Ireland: Growth in the Face of Adversity
What does Enterprise Ireland provide for the country?
As a small island nation, our exporting sector is vital to Ireland’s economic success and job creation strategy. We invest in the most innovative Irish companies through all stages of their growth. Enterprise Ireland provides capability building and financial supports to drive the scale of Irish companies across international markets. We are also focused on ensuring that there is a strong pipeline of high-potential start-ups in the country. Additionally, we drive collaboration and commercialization of state-funded research.
Since the mid-’90s the Irish government has committed more than €85 million in seed and venture capital schemes through Enterprise Ireland. The scheme is crucial in fostering strong growth of innovative indigenous companies in early and late scaling journeys.
In recent years we have seen many strong start-ups in fintech, cybersecurity, digital health and agritech sectors. We have also put a strong focus on women-led start-up companies. Our level of investments in women-led businesses is two to three times the global average.
How did the COVID-19 pandemic affect Ireland’s overall economy?
COVID-19 created unprecedented challenges for everyone. From the outset, our approach was focused on helping companies stabilise, reset and recover. This included creating a dedicated COVID-19 response hub that provided crucial advice to over 8,000 companies; a scheme targeted at sustaining 27,500 jobs across Irish enterprises; and grants to hundreds of retailers to quickly pivot their offerings online. The move to digital is a crucial first step for many companies to move into foreign export markets and build a stronger base. Additionally, we provided direct support for companies who required financial or business continuity planning during the pandemic.
COVID-19 will have a lasting impact on the digitalization of companies following an accelerated shift in consumer behaviour and ways of working. This will make a significant difference in the medium term, particularly in enabling formerly locally focused Irish companies to access global markets. However, we do see significant inflation in logistics and material costs that is being felt all over the world. Companies will look more closely at their long-term supply chain resilience and costs.
Exports by Irish companies were up marginally year-on-year despite declines in most advanced economies. Ireland was the only economy in the EU to grow in 2020. The nation is now ranked fifth in the world for global exports of COVID-19 related goods and services. Ireland is a small, open economy, but one with global reach and a key understanding of what it takes to succeed.
What Irish companies were the biggest heroes during the crisis?
ICON is a global provider of outsourced drug and device development and commercialization services to the pharmaceutical, biotechnology and medical device industries and government and public health organizations. ICON provided clinical trial services to the Pfizer and BioNTech investigational COVID-19 vaccine program. The company mobilized a large global team of therapeutic and operational specialists to partner on the implementation of Pfizer’s and BioNTech’s strategic plan and framework for the monitoring of the trial. The team increased its efficiency to ensure a rapid study.
“Ireland is a small, open economy, but one with global reach and a key understanding of what it takes to succeed.”
Global software developer and consultancy firm Nearform built the world’s most widely adopted COVID-19 contact tracing app, now used by millions across Europe and the U.S., including in the states of New York, New Jersey, Pennsylvania and Delaware. It works across borders to allow users to travel with the same level of protection and privacy. The company recently announced plans to expand across North America to meet demand.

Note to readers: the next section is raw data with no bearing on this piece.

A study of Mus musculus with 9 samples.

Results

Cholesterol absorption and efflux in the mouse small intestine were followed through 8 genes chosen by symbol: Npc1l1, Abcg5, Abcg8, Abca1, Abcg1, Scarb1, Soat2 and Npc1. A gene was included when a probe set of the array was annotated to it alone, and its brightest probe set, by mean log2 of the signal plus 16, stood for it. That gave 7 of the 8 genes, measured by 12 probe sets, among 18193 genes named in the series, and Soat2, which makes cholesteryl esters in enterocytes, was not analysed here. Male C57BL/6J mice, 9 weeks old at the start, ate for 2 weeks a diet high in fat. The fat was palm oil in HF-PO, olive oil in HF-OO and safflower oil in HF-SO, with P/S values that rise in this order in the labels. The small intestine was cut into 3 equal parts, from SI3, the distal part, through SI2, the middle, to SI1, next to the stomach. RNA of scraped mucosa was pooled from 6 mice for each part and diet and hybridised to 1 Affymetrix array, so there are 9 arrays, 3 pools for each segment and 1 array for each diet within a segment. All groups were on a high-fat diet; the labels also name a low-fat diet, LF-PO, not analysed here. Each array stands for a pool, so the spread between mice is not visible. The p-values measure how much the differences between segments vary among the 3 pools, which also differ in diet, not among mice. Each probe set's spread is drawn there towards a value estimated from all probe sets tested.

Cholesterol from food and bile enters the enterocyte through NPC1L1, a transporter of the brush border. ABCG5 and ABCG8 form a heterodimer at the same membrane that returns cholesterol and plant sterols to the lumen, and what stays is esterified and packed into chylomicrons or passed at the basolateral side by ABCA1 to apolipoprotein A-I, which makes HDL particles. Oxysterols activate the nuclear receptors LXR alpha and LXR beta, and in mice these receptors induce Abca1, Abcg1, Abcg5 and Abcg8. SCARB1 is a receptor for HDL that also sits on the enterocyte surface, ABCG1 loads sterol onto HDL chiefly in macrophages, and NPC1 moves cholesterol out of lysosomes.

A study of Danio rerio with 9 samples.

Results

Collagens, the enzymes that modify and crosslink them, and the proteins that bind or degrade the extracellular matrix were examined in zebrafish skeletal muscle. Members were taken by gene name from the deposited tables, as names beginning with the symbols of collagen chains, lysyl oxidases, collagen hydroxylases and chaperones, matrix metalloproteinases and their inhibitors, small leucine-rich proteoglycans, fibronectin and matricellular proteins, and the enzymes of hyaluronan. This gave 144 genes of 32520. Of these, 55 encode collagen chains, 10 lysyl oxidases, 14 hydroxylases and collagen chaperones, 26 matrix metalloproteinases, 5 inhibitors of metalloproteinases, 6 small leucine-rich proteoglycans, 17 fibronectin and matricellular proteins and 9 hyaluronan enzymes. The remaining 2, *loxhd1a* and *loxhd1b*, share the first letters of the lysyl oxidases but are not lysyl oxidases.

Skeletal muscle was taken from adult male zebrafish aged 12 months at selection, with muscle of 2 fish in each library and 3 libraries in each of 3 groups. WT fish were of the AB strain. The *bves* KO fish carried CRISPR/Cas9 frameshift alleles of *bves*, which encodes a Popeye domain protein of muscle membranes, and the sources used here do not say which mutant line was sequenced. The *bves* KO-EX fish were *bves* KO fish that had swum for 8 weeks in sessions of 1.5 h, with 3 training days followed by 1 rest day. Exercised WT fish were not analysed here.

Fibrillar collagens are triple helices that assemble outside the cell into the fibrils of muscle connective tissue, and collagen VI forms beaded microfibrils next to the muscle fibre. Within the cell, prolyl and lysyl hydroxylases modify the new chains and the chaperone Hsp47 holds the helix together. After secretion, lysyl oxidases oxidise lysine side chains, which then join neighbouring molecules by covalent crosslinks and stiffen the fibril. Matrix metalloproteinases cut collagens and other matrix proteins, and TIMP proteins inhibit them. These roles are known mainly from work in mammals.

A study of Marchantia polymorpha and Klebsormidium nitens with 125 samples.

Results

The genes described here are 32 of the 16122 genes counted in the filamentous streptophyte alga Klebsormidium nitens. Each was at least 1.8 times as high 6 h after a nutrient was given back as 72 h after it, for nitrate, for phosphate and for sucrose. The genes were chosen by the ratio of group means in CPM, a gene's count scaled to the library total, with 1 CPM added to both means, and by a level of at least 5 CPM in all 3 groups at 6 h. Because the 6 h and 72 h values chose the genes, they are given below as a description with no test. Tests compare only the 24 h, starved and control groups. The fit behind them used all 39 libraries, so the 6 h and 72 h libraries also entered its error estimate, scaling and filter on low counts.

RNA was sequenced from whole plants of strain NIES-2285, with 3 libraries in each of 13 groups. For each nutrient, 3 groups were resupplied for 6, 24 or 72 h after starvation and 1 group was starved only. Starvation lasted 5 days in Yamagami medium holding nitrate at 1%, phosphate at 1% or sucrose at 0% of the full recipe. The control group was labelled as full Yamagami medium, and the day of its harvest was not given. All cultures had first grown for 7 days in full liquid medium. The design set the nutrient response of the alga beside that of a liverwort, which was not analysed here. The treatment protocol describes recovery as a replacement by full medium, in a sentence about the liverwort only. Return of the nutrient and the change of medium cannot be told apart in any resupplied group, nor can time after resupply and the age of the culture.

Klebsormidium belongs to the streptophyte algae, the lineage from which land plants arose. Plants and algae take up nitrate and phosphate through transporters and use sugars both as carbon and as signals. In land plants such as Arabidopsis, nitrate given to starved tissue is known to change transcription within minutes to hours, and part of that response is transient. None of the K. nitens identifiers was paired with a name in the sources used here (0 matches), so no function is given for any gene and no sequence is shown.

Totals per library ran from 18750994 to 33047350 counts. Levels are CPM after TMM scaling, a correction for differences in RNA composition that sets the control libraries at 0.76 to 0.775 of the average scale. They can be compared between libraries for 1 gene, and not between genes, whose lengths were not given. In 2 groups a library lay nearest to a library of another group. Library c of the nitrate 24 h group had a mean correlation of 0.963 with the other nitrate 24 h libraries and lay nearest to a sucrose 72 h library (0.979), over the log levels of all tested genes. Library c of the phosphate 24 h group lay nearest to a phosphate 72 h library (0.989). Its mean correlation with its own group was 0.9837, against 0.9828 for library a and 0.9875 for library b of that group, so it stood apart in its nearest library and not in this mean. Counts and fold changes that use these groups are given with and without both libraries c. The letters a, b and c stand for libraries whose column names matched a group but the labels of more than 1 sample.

Additionally, Irish biometric authentication solutions provider Daon created VeriFLY, a mobile health passport. American Airlines is the first U.S. airline to adopt the VeriFLY technology. It provides customers with an easy method of providing results from a negative coronavirus test and other completed documents required for international travel into the United States. British Airways also announced they will use the app.
What is the private sector doing to promote environmental sustainability in Ireland?
There are many examples of companies already taking advantage of the shift towards sustainability. In the agritech sector, which is a strong sector in Ireland, Keenan’s advanced diet feeders promote sustainability in farming by reducing waste, maximizing animal feed efficiency and enabling a circular economy.
In other sectors, CitySwift has created a platform that uses data to strategically improve public transit, making the most sustainable modes of transport more efficient and user friendly. Ecocem is improving and promoting the use of a greener cement alternative. Additionally, Ocean Energy is capturing and converting the power of waves into electricity using their unique technology.
What impact has Brexit had on Irish business sectors?
It is too early to say what sectors will be most affected in the long-term by Brexit. It will depend on final implementation of the EU-U.K. Trade and Cooperation Agreement and the normalization of some of the distortive effects of supply chain adjustments during this initial period. However, the area of most concern would be the agrifood sector.
Since the Brexit vote, Enterprise Ireland’s priority has been to ensure that Irish exporters were prepared. We implemented a program to support Irish exporters in being more innovative, competitive and diversified, including â‚¬146 million in funding to Brexit exposed clients in 2018 and 2019. We also introduced programs to help companies hire customs experts.